EGU General Assembly 2020
© Author(s) 2020. This work is distributed under
the Creative Commons Attribution 4.0 License.

Tracking the global flows of atmospheric moisture

Obbe Tuinenburg1 and Arie Staal2
Obbe Tuinenburg and Arie Staal
  • 1Utrecht University, Copernicus Institute, Utrecht, Netherlands (
  • 2Stockholm Resilience Center, Stockholm University, Sweden (

Many processes in hydrology and Earth system science relate to moisture recycling, the contribution of terrestrial evaporation to precipitation. For example, the effects of land-cover changes on regional rainfall regimes depend on this process. To study moisture recycling, a range of moisture tracking models are in use that are forced with output from atmospheric models, but differ in various ways. They can be Eulerian (grid-based) or Lagrangian (trajectory-based), have two or three spatial dimensions, and rely on a range of other assumptions. Which model is most suitable depends on the purpose of the study, but also on the quality and resolution of the data with which it is forced. Recently, the high-resolution ERA5 reanalysis dataset has become the state-of-the-art, paving the way for a new generation of moisture tracking models. However, it is unclear how the new data can best be used to obtain accurate estimates of atmospheric moisture flows. Here we develop a set of moisture tracking models forced with ERA5 data and systematically test their performance regarding continental evaporation recycling ratio, distances of moisture flows, and <q>footprints</q> of evaporation from seven point sources across the globe. We report simulation times to assess possible trade-offs between accuracy and speed. Three-dimensional Lagrangian models were most accurate and ran faster than Eulerian versions for tracking water from single grid cells. The rate of vertical mixing of moisture in the atmosphere was the greatest source of uncertainty in moisture tracking. We conclude that the recently improved resolution of atmospheric reanalysis data allows for more accurate moisture tracking results in a Lagrangian setting, but that considerable uncertainty regarding turbulent mixing remains. We present an efficient Lagrangian method to track atmospheric moisture flows from any location globally using ERA5 reanalysis data and make the code for this model publicly available.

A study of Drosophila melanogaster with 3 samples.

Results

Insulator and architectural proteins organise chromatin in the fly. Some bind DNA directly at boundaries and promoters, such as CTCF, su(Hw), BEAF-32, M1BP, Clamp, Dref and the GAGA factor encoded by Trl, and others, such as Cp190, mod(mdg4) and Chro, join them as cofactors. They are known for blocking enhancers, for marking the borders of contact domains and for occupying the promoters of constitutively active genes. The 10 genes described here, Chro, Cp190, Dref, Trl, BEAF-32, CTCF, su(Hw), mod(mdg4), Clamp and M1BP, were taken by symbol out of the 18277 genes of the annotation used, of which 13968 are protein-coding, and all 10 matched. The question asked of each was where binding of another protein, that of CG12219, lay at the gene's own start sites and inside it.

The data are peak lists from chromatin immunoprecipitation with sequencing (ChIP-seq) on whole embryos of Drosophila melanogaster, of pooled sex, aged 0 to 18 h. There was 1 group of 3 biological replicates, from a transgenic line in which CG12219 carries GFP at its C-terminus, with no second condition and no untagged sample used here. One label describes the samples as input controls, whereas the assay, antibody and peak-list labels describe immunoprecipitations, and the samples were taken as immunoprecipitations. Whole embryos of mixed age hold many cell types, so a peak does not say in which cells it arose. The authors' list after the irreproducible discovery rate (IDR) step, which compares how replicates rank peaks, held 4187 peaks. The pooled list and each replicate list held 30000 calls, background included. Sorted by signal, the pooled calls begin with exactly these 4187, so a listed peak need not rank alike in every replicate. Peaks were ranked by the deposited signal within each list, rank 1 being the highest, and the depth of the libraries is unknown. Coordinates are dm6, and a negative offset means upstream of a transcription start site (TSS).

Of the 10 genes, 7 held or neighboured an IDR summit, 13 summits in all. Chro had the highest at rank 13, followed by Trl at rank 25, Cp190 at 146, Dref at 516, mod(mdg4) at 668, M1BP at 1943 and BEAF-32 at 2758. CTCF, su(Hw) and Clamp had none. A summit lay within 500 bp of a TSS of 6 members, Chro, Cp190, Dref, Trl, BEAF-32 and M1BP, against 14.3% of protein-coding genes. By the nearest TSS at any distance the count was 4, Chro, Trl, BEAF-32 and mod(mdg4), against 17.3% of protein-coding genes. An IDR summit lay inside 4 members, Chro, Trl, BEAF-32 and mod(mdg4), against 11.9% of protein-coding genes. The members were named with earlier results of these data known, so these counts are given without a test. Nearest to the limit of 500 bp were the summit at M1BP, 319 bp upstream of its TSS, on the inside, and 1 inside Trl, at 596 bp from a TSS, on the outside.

How to cite: Tuinenburg, O. and Staal, A.: Tracking the global flows of atmospheric moisture , EGU General Assembly 2020, Online, 4–8 May 2020, EGU2020-7940,, 2020

Display materials

Display file

Comments on the display material

AC: Author Comment | CC: Community Comment | Report abuse

Display material version 1 – uploaded on 03 May 2020
  • CC1: Comment on EGU2020-7940, Imme Benedict, 06 May 2020

    Hello Obbe and Arie,

    Nice to read on your findings! I was wondering if you also tested the model assumptions for different seasons? I can imagine that it differs for summer (more convective driven precip) or winter (more large-scale driven precip) especially in the mid-latitudes?

    Thank you,


    • AC1: Reply to CC1, Arie Staal, 06 May 2020

      Hi Imme,

      Thanks for your interest. All simulations were done for the same month, July 2012. However, the seven point sources are distributed all across the globe, so in that sense we did cover latitudinal effects.